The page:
Date of Award


Degree Type


Degree Name

Doctor of Philosophy in Pharmaceutical Sciences


Biomedical and Pharmaceutical Sciences

First Advisor

Brian J. Quilliam


Over the recent years, the incidence of diabetes has significantly increased. Use of preventive services and treatment with oral antidiabetic drugs (OAD) has remained cornerstone in the management of type 2 diabetes (T2DM). Despite strong evidence that treating diabetes using these disease management strategies decreases morbidity, mortality and complications, glycemic control as well as other diabetes related outcomes remain unsatisfactory. The prevalence of diabetes in the United States has grown vastly in proportion over the last few years with the American Diabetes Association estimating that 9.3% of the population suffered from diabetes in the year 2012. These estimates are expected to increase in the future with the World Health Organization (WHO) estimating that 366 billion people (4.4%) will have diabetes. Diabetes places a greater clinical as well as economic burden on the patients as well as the health care system.

The presence of comorbid depression is frequent in people suffering from diabetes and can cause health outcomes in patients with diabetes. Poor adherence and persistence to diabetic medications resulting from the occurrence of adverse events is a cause of poor health as well as economic outcomes. There is a continuing need to evaluate the associations between comorbidities as well as common complications of medication treatment in persons with diabetes and examine how they influence health behavior. Evidence regarding differences in the utilization of preventive care services in diabetic patients with and without comorbid depression is scant. Similarly, the factors that predispose an individual to hypoglycemia as well as the association between hypoglycemic episodes and persistence to OAD therapy, specifically sulfonylureas, has rarely been quantified retrospectively. This dissertation utilizes the manuscript format and has four fold objectives:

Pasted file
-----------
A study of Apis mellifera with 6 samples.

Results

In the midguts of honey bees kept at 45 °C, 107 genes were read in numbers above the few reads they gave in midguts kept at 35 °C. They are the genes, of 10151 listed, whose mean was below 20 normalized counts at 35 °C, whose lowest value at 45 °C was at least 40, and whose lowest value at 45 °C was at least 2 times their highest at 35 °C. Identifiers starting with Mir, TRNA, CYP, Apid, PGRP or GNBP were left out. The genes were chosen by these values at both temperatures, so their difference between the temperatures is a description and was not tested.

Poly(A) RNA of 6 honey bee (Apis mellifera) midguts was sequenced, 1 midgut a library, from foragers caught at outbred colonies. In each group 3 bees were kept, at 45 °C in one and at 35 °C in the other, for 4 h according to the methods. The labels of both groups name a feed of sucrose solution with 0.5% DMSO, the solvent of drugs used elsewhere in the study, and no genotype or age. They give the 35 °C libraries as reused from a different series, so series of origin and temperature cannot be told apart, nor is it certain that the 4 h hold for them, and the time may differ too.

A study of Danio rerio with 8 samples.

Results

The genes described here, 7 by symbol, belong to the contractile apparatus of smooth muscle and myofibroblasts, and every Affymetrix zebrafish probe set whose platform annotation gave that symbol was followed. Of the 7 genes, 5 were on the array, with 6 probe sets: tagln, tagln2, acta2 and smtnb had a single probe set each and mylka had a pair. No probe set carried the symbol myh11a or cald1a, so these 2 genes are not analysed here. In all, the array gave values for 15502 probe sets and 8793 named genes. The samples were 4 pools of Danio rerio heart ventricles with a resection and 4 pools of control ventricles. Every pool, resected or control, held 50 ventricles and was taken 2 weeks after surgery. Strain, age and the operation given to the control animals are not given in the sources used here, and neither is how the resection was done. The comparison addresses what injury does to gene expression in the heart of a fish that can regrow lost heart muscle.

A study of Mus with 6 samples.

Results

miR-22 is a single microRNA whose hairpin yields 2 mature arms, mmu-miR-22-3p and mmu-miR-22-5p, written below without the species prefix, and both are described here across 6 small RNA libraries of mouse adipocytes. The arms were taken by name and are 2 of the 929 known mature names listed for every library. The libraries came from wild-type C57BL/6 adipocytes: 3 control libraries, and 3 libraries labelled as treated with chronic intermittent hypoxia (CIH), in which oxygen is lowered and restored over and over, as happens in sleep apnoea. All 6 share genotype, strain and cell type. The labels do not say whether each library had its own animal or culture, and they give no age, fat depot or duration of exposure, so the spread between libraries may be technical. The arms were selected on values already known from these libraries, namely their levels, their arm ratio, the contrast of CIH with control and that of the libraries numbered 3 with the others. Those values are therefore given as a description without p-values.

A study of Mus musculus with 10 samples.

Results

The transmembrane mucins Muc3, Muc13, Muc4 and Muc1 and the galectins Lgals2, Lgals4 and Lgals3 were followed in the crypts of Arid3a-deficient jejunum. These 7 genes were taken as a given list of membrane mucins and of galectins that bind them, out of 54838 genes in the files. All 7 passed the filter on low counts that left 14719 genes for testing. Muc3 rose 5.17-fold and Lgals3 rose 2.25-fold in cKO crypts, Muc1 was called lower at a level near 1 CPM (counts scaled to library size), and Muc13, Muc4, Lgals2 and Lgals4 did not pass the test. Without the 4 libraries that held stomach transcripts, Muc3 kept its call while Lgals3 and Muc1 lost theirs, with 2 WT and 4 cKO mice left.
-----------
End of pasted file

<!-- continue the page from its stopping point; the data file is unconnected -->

1. To review the current literature regarding the role of hypoglycemia and comorbid depression in the diabetes and examine their impact on clinical and economic aspects of diabetes management;
  2. To quantify the effect of comorbid depression on the rates of preventive care service use in a nationally representative population of US adults;
  3. To identify significant predictors and estimate the costs associated with the occurrence of hypoglycemia in the inpatient and outpatient settings.
  4. To evaluate the association between the development of hypoglycemia and persistence to oral sulfonylurea therapy in patients newly initiated on this class of OAD medications.

In order to review the literature regarding the effect of hypoglycemia and comorbid depression and diabetes, we utilized various biomedical and psychological databases. We analyzed the effect of comorbid depression as a principal risk factor associated with use of ADA recommended preventive services in patients with diabetes using the Medical Expenditure Panels Survey Data. A logistic regression was performed to achieve this objective and all the relevant confounders were controlled for in order to achieve the results. Claims data provided by the Blue Cross and Blue Shield of Rhode Island was utilized to assess the relationship between hypoglycemia and persistence to sulfonylurea medication as well as outline the predictors and costs of hypoglycemia. A time-varying Cox proportional hazards regression model was utilized to compare the hazard rate of medication discontinuation in diabetic patients that were exposed to hypoglycemic events, compared to those that were unexposed. A predictive modelling approach was utilized to highlight the factors associated with hypoglycemia

While the impact of comorbid depression and diabetes was significant both clinically and economically, it was seen that the extent of preventive care service use was comparable for diabetic patients with and without comorbid depression but suboptimal in general thus indicating major gaps in the implementation of ADA recommended preventive care practices. While depression was not significantly associated with increased use of the recommended diabetes preventive care services, other sociodemographic factors were seen to contribute. Moreover, though no significant association between events of hypoglycemia and subsequent discontinuation sulfonylurea medication was illustrated, we demonstrated several clinical factors to have a profound impact on the risk of developing hypoglycemic episodes.